With Save the Children launching their largest fundraising appeal in their 100-year history, it has become apparent that charities have been hit hard over the pandemic period.
Save the Children head of public affairs Kimberley Gardiner says there has been a direct impact on the charity sector.
“As the economic effects of the pandemic have taken hold, donations – not surprisingly – have decreased,” she says.
“We have been forced to close our 84 op shops in the interests of the safety of our staff, volunteers and customers, a measure which denies us significant funding for our work with children.”
Ms Gardiner says these stores often raise around $12 million a year, money they will have to raise elsewhere.
As expected, according to CareFlight media co-ordinator Duyen Nguyen, other charities are also experiencing significant donation losses due to the pandemic.
“We’ve had a $2 million short fall in fundraising right now,” she says.
“We’ve had a dramatic increase in people cancelling their donations.
“I used to manage… two to three [cancellation] requests a day. Now that has skyrocketed to 20 to 30.”
QUT Business School Australian Centre for Philanthropy and Non-profit Studies Director Associate Professor Wendy Scaife says as donations may be decreasing, the call to fulfil community needs is on the rise.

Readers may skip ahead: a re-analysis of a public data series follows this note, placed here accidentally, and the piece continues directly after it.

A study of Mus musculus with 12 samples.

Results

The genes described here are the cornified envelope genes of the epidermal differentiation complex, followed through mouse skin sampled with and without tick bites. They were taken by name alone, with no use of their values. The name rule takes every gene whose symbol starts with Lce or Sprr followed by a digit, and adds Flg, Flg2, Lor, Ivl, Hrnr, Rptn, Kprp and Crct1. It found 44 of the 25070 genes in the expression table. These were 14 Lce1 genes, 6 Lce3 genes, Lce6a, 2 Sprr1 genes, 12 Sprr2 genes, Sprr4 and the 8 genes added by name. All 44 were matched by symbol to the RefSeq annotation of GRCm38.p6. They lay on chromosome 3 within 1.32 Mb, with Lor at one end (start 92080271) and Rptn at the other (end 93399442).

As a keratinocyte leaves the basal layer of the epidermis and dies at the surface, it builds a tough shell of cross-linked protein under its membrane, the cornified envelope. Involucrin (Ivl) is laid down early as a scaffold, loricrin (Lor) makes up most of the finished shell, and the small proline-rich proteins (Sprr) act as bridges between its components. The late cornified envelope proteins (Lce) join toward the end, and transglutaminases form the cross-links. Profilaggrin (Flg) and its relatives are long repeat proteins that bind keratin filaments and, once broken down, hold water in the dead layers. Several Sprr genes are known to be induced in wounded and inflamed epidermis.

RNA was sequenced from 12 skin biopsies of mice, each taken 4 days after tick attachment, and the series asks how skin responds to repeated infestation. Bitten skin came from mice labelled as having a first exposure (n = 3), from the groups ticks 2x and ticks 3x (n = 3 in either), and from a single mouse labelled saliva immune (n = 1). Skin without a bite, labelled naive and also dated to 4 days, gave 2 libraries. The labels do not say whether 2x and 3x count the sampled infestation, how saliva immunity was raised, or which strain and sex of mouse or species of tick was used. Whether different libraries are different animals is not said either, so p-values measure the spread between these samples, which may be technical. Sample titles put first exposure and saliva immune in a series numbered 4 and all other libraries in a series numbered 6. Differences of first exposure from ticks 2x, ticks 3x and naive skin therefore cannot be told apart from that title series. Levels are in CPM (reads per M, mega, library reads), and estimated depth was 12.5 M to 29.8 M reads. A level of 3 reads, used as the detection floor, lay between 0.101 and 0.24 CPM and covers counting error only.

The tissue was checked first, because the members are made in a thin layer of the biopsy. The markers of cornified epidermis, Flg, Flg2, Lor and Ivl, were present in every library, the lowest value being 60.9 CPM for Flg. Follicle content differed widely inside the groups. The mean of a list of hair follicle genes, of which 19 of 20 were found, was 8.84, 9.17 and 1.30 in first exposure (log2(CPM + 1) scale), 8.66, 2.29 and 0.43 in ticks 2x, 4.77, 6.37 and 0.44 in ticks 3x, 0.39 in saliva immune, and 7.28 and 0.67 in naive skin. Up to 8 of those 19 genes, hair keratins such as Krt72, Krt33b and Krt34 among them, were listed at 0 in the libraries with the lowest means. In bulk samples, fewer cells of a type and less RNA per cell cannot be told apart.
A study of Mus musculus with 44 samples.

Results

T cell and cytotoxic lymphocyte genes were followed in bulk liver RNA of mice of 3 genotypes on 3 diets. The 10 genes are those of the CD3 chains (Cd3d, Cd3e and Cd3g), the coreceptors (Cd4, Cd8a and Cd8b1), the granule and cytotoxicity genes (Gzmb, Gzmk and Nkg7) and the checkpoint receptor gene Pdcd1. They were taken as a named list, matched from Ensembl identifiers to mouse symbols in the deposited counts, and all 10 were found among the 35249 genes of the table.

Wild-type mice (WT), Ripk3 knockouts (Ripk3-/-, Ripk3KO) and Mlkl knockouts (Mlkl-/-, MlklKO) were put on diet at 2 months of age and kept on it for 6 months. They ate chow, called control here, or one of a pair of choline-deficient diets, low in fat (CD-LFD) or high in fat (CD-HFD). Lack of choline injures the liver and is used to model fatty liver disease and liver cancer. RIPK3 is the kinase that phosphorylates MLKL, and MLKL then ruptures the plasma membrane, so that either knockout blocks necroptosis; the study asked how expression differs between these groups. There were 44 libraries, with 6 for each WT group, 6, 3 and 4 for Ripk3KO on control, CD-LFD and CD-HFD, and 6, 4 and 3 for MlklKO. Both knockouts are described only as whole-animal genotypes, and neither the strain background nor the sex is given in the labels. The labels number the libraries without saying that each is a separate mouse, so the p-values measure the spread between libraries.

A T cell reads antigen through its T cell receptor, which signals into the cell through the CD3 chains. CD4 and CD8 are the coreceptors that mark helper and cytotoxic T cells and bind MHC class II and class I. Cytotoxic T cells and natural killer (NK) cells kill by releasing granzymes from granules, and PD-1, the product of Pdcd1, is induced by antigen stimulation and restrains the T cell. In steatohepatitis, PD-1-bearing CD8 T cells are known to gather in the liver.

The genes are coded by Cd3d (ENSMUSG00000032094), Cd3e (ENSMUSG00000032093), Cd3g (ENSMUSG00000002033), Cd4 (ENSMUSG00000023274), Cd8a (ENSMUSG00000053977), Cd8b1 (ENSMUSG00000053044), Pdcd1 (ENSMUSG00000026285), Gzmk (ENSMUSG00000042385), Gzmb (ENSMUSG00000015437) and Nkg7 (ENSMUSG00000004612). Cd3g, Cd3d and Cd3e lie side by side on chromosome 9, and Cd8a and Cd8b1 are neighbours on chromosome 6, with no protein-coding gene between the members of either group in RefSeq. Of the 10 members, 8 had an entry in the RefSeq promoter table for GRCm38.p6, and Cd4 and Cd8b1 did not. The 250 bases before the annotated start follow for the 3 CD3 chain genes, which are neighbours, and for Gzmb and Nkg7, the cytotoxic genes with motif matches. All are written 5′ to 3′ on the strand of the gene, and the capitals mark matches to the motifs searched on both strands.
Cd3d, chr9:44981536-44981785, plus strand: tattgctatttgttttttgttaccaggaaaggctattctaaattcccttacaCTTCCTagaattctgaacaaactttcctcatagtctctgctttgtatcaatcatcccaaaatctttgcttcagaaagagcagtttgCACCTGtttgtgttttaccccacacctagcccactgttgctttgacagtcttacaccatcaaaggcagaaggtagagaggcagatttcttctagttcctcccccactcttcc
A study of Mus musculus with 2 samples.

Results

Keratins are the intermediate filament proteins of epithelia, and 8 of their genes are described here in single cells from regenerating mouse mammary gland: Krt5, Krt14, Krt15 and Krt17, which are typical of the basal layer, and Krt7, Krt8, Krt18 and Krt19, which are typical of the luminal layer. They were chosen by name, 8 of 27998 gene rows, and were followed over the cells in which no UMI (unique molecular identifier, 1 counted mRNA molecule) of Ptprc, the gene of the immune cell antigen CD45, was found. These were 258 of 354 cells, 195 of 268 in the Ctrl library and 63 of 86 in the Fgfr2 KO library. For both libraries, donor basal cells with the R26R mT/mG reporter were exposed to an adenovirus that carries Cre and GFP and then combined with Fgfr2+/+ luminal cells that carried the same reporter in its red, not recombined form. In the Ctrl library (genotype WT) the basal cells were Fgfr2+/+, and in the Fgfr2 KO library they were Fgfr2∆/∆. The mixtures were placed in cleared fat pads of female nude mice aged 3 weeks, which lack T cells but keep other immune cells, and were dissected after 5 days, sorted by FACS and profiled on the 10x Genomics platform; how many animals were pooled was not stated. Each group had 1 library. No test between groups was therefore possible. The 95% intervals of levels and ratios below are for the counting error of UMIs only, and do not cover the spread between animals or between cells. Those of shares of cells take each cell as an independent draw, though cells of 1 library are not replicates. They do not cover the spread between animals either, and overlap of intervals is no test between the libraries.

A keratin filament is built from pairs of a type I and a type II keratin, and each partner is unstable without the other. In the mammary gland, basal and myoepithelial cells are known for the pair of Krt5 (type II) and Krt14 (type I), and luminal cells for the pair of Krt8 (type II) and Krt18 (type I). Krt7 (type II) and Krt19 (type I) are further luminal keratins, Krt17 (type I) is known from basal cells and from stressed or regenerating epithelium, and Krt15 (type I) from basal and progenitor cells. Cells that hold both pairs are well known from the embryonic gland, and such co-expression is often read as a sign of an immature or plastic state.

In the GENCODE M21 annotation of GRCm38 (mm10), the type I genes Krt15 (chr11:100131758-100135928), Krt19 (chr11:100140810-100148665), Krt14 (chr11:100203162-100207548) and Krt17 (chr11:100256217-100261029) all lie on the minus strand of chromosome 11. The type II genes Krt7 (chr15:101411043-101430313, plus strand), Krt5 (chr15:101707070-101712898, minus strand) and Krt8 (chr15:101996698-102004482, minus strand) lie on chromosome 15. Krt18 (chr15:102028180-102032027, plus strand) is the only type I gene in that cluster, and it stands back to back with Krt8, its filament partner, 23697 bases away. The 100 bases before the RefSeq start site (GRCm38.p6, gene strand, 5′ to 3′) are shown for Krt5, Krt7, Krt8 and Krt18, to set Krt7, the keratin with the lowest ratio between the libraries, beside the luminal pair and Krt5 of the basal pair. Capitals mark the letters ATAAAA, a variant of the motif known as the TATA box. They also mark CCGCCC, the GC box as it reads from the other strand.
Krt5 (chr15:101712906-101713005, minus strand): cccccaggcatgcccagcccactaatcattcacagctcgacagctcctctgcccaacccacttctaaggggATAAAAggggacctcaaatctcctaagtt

“Charities are very much more in demand and of course the double-edged part of the sword is that both their volunteering and their donations, in kind and monetary, are also affected in times like this,” she says.
The Smith Family WA office manager Pamela Elsmore highlighted this drastic increase.
“We did have an influx of calls for help when COVID came,” she says.
“There are a lot of people struggling. There was definitely an increase in people needing help.
“Where you would normally say, ‘Ring the Salvos they will be able to help you’ people have said ‘I’ve already rung them and they can’t help’ because they are already trying to deal with all this other stuff and don’t have all of the other resources available to them.”
Due to these pressures and added restrictions, Professor Scaife says many charities have had to alter the way they normally run.
“The social distancing is also impacting whether or not people can attend those programs.”
Diabetes WA communications and marketing director Claire Jordan-Peters says they have had to cancel or change multiple charity events due to this.
“The biggest thing is we run face-to-face workshops to help people to learn how to manage their own diabetes,” she says.
“We actually launched a brand new service which is our webinars, that that means that people with diabetes can book in … and they can effectively have a face-to-face conversation without being face-to-face.”
Despite significant setbacks to charities across Australia, Professor Scaife is adamant that they will bounce back.
“Charities are pretty resourceful and resilient people who are very used to doing lots with little, but at the moment it’s lots with micro,” she says.